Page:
Geographic and Climate Considerations to Keep in Mind When Choosing Building Wrap

Among the many different factors to consider when choosing a building wrap, geographic and climate considerations, specifically relating to annual rainfall, should always be top of mind.

Not all building wrap materials perform at the same levels, especially when they’re being installed across a variety of different climates. To help prevent issues like mold, drainage gaps can be installed behind the cladding to direct water down and out instead of trapping moisture inside the wall.

The IBC mandates an exterior wall assembly incorporate “a means for draining water that enters the assembly to the exterior.” As an additional rule of thumb, the Building Enclosure Moisture Management Institute (BEMMI) recommends any area receiving more than 20 inches of annual rainfall should incorporate enhanced drainage techniques, especially if using an absorptive cladding material. Areas receiving 40 inches or more should utilize rainscreen design regardless of the cladding material being used.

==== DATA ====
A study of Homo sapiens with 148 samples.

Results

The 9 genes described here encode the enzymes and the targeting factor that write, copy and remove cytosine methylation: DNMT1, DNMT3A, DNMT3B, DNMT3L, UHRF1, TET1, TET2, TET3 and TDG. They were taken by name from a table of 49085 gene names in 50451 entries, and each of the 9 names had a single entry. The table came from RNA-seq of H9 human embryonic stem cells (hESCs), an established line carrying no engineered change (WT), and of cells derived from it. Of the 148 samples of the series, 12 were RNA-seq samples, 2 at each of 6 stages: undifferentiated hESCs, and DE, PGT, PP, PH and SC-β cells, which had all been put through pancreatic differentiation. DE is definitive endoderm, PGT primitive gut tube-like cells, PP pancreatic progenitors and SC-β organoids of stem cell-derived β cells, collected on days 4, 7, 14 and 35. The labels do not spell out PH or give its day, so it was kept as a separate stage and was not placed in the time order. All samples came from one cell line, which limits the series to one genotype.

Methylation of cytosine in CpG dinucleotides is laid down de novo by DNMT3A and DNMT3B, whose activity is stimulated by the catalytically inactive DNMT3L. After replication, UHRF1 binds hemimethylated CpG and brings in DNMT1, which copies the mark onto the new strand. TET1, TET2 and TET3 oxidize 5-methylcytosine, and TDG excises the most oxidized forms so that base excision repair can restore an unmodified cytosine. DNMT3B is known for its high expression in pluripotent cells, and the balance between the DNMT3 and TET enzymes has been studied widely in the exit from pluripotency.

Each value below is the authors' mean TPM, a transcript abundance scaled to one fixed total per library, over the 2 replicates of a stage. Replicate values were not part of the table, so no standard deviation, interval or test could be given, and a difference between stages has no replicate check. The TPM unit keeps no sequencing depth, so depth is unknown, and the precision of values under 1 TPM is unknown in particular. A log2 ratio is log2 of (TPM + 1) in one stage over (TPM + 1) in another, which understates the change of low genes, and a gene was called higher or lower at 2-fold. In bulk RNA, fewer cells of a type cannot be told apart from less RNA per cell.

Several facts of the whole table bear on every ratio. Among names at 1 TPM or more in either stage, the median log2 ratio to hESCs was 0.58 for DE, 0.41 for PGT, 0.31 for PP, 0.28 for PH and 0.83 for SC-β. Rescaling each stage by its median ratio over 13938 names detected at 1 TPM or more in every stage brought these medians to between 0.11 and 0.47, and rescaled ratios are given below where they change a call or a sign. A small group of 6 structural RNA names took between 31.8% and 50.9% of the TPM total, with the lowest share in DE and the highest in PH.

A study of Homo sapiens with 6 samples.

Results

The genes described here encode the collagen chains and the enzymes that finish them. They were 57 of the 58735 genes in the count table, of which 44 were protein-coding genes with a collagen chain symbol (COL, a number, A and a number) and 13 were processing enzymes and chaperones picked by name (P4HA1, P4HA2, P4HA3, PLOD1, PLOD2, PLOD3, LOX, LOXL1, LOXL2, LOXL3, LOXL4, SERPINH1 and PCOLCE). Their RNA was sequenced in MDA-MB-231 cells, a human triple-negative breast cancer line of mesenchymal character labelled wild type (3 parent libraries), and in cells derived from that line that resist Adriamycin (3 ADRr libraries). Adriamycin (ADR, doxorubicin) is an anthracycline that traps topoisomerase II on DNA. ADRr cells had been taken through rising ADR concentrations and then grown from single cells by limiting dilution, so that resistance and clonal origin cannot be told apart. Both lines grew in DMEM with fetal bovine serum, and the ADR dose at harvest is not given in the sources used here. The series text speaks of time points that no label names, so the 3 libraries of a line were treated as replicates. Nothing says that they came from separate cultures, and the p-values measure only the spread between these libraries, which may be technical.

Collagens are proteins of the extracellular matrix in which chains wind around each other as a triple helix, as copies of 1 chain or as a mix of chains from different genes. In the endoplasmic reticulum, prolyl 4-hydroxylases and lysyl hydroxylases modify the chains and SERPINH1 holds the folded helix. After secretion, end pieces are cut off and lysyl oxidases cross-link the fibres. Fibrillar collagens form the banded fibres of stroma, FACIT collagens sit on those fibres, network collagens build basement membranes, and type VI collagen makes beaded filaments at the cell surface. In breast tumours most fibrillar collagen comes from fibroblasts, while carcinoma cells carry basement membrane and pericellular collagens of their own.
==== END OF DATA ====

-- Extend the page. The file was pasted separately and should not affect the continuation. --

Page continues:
To this point, a growing number of states have added even more prescriptive measures to their codes. Oregon, for example, now requires the building envelope to consist of an exterior veneer, a water-resistive barrier (WRB, housewrap, building paper, etc.) and for the exterior veneer to be installed over a WRB that meets the 75% drainage efficiency requirement of ASTM E2273.

With these regulations in mind, building wrap manufacturers are beginning to evolve in order to address drainage needs. TYPAR® DrainableWrap, for example, includes a layer of integrated polypropylene fibers, creating a highly effective drainage gap, allowing the wrap to drain significantly faster than conventional building wraps. Per ASTM E2273 testing, it exceeds minimum AC38 Code Requirement for Drainage Efficiency with a 94.8% drainage efficiency rate. When used as part of the TYPAR Weather Protection System, TYPAR DrainableWrap is backed by the TYPAR Lifetime Limited System Warranty, including labor and materials.

Geographic and climate considerations play a critical role in building wrap selection, but keep in mind that the orientation of the wall, amount of overhang, altitude, and even nearby trees can also have an impact on how much water intrusion can be expected and how likely the wall is to dry.

While we can’t completely stop water from getting into walls, advances in building wrap technology are a welcome way to help ensure potential damage from water intrusion is mitigated. And with a variety of drainable products to choose from, builders and contractors have many ways to keep walls dry in any climate or condition.